Politics


Israel: Gaza impact on elections unclear, analysts say


Israel's elections are to be held on 10 February since foreign minister,Tzipi Livni, failed to form a government last October to replace outgoing prime minister Ehud Olmert, who was forced to resign over serious fraud and corruption charges.

Rome, 16 Jan. (AKI) - By Klaus Heiss - As international diplomatic efforts were continuing to seek an end to Israel's attacks in the Gaza Strip on Friday, analysts said it was too early to determine how the latest military action would influence voters in the forthcoming Israeli elections.

Former senior US diplomat and president of the Foundation of Middle East Peace, Philip Wilcox, told Adnkronos International (AKI) that the outcome of the elections was too difficult to predict, due to volatile public opinion until there was a clear outcome to the military offensive.

Wilcox, a former deputy assistant secretary of state for Middle East affairs, said one reason for the Gaza offensive was to prove that the leadership of the Kadima-Labor coalition, including defence minister Ehud Barak and foreign minister Tzipi Livni, were willing to counter Hamas rocket attacks against southern Israel.

"One of the objectives of Barak, Livni and Olmert, and thus the Kadima-Labor coalition, was to demonstrate they are strong and willing to use force in the face of this Hamas rocket fire," he said in a telephone interview from Washington D.C.

Livni, leader of the ruling centrist Kadima party, is now running in a close race with Binyamin Netanyahu of the hardline Likud party in the lead-up to the general elections scheduled for February.

The latest opinion polls published by Israeli daily Haaretz on Thursday showed that Kadima and Livni have held firm in the polls, and Kadima is expected to win up to 25 seats in the parliament or Knesset.

However, Netanyahu's Likud is expected to win 28 or 29 seats, after gaining four seats during the Gaza offensive.

However, Barak's popularity has risen considerably during the Gaza conflict and his party could win up to 16 seats in parliament, making a Kadima-Labor victory ever more feasible.

Wilcox said although both Livni and Barak had improved their standing in the polls initially because of their tough stance towards Hamas, that could change.

He also predicted an inconclusive end to the Gaza offensive and said that the Islamist Hamas movement was likely to claim victory.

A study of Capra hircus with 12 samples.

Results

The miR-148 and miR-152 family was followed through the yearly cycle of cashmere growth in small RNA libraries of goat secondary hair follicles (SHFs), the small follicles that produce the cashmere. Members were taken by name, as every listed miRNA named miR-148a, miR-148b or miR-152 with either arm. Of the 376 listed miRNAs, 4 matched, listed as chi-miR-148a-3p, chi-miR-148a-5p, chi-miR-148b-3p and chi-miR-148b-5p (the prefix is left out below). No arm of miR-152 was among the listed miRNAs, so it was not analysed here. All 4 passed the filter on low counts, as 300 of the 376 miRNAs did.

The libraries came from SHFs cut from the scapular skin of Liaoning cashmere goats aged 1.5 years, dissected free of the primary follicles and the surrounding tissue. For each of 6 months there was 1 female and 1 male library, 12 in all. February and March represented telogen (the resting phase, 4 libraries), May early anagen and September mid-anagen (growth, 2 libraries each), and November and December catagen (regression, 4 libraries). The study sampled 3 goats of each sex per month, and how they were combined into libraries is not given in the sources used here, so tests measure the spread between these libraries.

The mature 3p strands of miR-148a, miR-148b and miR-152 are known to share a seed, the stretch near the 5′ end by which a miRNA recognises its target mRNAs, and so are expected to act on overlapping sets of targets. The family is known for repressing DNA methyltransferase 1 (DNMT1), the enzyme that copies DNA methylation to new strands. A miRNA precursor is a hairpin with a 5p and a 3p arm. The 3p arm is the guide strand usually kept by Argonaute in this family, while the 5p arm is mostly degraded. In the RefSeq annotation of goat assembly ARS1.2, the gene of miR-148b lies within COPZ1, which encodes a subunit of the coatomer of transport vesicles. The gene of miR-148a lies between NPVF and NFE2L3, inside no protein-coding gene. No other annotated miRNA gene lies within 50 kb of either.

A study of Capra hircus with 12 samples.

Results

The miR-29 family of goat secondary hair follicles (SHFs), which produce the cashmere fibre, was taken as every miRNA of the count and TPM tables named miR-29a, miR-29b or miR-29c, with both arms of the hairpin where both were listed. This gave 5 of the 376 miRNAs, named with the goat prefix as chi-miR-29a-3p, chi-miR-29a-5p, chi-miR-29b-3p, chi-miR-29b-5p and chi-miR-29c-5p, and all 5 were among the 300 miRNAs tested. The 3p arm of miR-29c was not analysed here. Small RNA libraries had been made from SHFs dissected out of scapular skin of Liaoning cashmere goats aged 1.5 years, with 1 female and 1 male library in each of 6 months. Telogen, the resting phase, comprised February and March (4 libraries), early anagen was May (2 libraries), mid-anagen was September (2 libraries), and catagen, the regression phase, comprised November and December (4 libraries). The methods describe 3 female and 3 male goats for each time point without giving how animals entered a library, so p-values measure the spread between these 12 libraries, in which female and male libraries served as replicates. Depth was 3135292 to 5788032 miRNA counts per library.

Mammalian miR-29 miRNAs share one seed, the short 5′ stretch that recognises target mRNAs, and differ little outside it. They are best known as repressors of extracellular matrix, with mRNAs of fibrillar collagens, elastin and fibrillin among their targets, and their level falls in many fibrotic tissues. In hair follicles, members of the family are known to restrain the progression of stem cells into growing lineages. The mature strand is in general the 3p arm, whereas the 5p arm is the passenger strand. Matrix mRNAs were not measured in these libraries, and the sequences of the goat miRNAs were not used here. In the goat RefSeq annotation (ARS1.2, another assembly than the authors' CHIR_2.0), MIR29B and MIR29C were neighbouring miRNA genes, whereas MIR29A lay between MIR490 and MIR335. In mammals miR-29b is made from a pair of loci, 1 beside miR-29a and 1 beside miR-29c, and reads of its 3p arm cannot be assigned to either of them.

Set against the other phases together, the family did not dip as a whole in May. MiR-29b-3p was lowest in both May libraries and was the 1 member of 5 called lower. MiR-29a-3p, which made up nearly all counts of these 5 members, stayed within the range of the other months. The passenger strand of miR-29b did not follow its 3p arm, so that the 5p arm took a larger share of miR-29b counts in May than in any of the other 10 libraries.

"Hamas will make every effort to convert any military stalemate or defeat into a victory, thereby weakening their adversary, the Palestinian Authority in Ramallah," Wilcox said.

The Palestinian Authority is currently engaged in peace negotiations with Israeli leaders as diplomatic talks continued between key leaders in Cairo and Washington.

Wilcox also said the administration of US president-elect Barack Obama would prefer a moderate, centrist, Livni-Barak government.

Uriya Shavit, political analyst from the Adelson Institute for Strategic Studies in Jerusalem, told Adnkronos International (AKI) that rightist prime minister Netanyahu had a good chance of winning the elections if the Gaza war ended inconclusively.

However, Shavit said if the Israeli public has a positive perception of the end of the war, it could tilt the election in favour of Livni and Barak.

Whatever the outcome of the war in Gaza, he said in the past the right-wing had been victorious when it came to matters of state security.

"If history is any guide, what we will see in three weeks, is an overwhelming and decisive victory by Netanyahu," he told AKI.

"At least since the 1980's whenever the elections were about society and economy in Israel, it was the left-wing government that won. Whenever the election was about security it was the right-wing that won decisively."

However, he did not rule out a Livni-Barak victory.

"If the war ends with something the Israeli public would perceive as an Israeli victory, in a way that erases the shame of the 2006 Lebanon war, then there is a good chance Barak will do much better than he did recently, (thus helping Livni)," said Shavit.

Shavit, who is also a research fellow at the Moshe Dayan Centre for Middle Eastern and African Studies at Tel Aviv University, said there was clearly political manoeuvring behind the Gaza offensive.

"It is improbable that Israeli politicians did not have elections in mind in light of the offensive. I am absolutely sure they did," said Shavit.

Shavit said one of the keys to the election outcome were Israeli Arabs, especially in light of the Gaza offensive.

"If Israeli Arabs do not go and vote, the left loses about 20 percent of its electorate. That would be the end of the story for the left," said Shavit, signalling the failure of the centrist government of Livni to secure a majority coalition of centre-left and leftist parties.

Wilcox pointed out that if Netanyahu won the election, it could make it easier for the new Barack Obama administration to pressure Israel to make peace with the Palestinians.

"There is a theory at least, that if you have a radical, intransigent Israeli government that seems unwilling to compromise, (and) does not genuinely support a two-state solution, that is somehow easier for the US government to deal with," Wilcox said.

Wilcox also pointed out that Netanyahu had quickly developed an adversarial relation with the former Clinton administration during his tenure as prime minister in the 1990's.

"In a way, that made it easier for (President) Bill Clinton to put pressure on the Israeli government and support Palestinian positions."